Economic indicators suggest the people of Bangladesh are content with the direction of their lives and that of the country as the second term of the Awami League continues. But it is also necessary to dispel some misconceptions about the current situation. One persistent myth maintains there is unemployment amongst educated Bangladeshis. An analysis by American economist Forrest Cookson does not find any evidence to substantiate this idea. Using data taken from the Bangladesh Bureau of Statistics (BBS), surveys conducted by the Research and Development Centre (RDC) and real-time assessments made by the management leadership of the Bangladesh garments industry, Cookson finds that it is, instead, the opposite that is true. The shortage of Bangladeshis in middle management in the garment industry across the country can serve as an example. It goes without saying that the garment industry management would prefer their compatriots, so the overwhelming number of foreigners in such positions indicates a dearth of applications from educated and skilled Bangladeshis. This suggests they may already have jobs elsewhere.
Figures from 2016 show a five percent unemployment rate and an underemployment rate that is extremely low and virtually negligible for women. According to Cookson, frictional unemployment – the process of leaving a job and taking up a new one – contributes to the aforementioned unemployment rate. Analysis of the garment industry shows the rate was 3.5 percent.
One of the great strides made by the Awami League government under Prime Minister Sheikh Hasina has been to dramatically expand access to electricity across rural Bangladesh, a process expected to be completed by the end of 2018. In the case of electrical connections in households, Cookson notes that is the official figures which are lower than those provided by RDC surveys. Though urban or western readers take electricity for granted, it is life-changing in rural Bangladesh. Electricity makes lights, fans, charging mobile cellular phones, microwaves, refrigerators and televisions a viable reality for rural inhabitants. In June this writer heard first–hand accounts from new recipients of electrical connections in rural northern Bangladesh about the many ways they intended to utilise this new service to enrich their lives. Refrigerator and television ownership amongst households with electricity stands at 46% and 74% respectively, and according to Cookson, 97% of households with electricity have at the very least a fan.
The Sheikh Hasina government has also invested heavily in both education and healthcare. The expansion in education includes free textbooks and free schooling, but contrary to the claims of naysayers, the expansion has not diluted the effectiveness of education. Indeed, household surveys show that families are satisfied with the quality of teaching, textbooks and administration of schools. During her first term as prime minister (1996 – 2001) after the restoration of democracy in Bangladesh, Sheikh Hasina had initiated a program of providing basic free medicine and medical care through rural care clinics which have been enhanced and expanded. Perceptions of doctors and medical facilities are solid; while work remains to be done, progress is on track.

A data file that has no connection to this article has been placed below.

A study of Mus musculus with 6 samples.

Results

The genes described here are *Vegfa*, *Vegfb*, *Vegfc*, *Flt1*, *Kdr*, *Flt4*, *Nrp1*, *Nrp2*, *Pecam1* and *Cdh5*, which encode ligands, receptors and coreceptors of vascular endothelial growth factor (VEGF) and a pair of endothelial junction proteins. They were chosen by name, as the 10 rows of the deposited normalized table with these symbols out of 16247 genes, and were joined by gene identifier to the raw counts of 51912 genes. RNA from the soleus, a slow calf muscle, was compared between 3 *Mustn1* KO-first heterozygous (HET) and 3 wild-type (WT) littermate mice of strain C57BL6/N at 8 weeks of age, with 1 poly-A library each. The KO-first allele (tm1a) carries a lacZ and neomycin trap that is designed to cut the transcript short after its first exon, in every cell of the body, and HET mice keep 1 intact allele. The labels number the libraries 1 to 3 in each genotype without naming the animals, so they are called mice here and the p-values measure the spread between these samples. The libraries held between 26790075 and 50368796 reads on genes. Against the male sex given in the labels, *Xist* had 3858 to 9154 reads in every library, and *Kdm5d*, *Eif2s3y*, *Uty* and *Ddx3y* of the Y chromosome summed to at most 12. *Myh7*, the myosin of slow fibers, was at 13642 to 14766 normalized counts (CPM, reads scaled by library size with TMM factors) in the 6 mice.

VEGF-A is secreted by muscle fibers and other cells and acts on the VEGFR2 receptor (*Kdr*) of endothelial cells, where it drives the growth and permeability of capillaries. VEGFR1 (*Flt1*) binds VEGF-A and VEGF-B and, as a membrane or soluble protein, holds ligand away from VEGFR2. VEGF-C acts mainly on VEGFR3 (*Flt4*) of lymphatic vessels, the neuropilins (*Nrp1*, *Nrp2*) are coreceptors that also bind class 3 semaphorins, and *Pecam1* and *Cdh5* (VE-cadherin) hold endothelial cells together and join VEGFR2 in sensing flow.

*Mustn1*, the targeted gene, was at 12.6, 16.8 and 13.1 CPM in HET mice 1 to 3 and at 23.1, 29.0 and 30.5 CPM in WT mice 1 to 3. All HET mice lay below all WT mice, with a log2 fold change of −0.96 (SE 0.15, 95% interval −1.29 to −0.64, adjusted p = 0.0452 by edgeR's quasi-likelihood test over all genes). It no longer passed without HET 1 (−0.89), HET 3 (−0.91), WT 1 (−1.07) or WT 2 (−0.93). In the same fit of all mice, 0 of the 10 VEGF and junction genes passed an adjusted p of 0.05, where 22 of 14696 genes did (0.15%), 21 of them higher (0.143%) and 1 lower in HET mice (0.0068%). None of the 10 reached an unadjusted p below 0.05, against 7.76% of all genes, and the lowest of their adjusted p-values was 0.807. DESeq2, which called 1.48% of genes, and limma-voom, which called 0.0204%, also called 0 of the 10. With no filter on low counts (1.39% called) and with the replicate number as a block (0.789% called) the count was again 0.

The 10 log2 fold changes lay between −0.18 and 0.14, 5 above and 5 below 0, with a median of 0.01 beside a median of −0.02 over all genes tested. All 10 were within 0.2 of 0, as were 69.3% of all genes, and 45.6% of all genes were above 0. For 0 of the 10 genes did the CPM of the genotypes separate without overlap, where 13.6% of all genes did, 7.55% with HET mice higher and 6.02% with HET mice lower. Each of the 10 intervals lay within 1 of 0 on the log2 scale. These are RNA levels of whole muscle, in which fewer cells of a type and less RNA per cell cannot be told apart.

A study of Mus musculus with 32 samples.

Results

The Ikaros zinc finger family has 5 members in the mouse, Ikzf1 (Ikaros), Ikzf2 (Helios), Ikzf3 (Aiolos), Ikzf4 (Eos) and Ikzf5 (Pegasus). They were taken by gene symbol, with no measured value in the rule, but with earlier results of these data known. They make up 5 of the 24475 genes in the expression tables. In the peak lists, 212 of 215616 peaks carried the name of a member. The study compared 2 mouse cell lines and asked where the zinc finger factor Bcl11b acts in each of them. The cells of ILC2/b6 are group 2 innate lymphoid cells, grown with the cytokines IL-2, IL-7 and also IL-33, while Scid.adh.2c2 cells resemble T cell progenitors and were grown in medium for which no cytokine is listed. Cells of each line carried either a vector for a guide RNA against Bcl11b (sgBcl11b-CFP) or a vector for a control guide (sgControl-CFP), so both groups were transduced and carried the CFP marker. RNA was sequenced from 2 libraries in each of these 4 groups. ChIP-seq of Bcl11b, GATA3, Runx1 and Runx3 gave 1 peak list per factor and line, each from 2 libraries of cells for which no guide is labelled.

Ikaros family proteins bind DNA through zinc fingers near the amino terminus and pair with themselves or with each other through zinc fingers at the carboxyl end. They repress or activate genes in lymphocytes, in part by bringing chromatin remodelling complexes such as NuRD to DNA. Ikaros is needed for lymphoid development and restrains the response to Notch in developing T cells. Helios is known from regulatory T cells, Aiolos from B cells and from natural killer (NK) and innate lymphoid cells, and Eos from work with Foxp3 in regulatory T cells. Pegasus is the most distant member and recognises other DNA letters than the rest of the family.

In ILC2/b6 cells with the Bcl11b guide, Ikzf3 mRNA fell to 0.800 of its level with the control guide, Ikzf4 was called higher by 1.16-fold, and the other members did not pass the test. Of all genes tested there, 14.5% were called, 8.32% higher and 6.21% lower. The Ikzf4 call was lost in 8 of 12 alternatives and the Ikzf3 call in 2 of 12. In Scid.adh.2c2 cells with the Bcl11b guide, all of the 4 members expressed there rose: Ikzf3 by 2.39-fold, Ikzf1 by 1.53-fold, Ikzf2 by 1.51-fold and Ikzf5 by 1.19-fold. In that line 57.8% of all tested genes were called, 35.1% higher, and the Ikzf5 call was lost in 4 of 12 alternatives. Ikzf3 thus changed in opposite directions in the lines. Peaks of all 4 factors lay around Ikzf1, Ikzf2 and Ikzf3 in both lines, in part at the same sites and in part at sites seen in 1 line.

Despite obstacles – both manmade and natural – Sheikh Hasina’s government has persevered, making tangible real life improvements in the lives of people across the country. There is popular confidence that Bangladesh is heading in the right direction and faith in Sheikh Hasina’s leadership. RDC public opinion surveys taken in March this year showed that 64 percent of respondents felt that their own lives had improved for the better, with 54 percent stating that their family’s financial standing had improved and 68 percent feeling that the country overall was on a path agreeable to them. As many as 72 percent of respondents have a good opinion of Sheikh Hasina personally, with 56 percent having a positive view of Sheikh Hasina’s ruling Awami League Party. Only 15 percent and 18.5 percent had a similarly favourable view of the Jatiya Party (JP) and Bangladesh Nationalist Party (BNP) respectively.
While electoral support for AL has remained by and large constant, support for the BNP has declined, which can also be seen in the rise in the number of undecided voters. The BNP’s misgovernance during the 2001-2006 term, support for the infamous Jamaat – e – Islami, attempt to block the War Crimes Trials and open attacks on ordinary people during the run–up to the 2014 general elections and in 2015 have clearly not endeared it to voters, including its own erstwhile supporters. Favourable opinion of Khaleda Zia, the head of the BNP, was 26.3 percent, significantly lower than Sheikh Hasina’s approval rating. The trend holds true among the 18 – 29 age group as well, where both Sheikh Hasina and the Awami League are overwhelmingly more resonant than other political personalities and parties, including Khaleda Zia and the BNP.
As Bangladesh heads towards the next general election scheduled to be held in late 2018 or early 2019, the road towards continued prosperity and advancement for the country seems to be clear.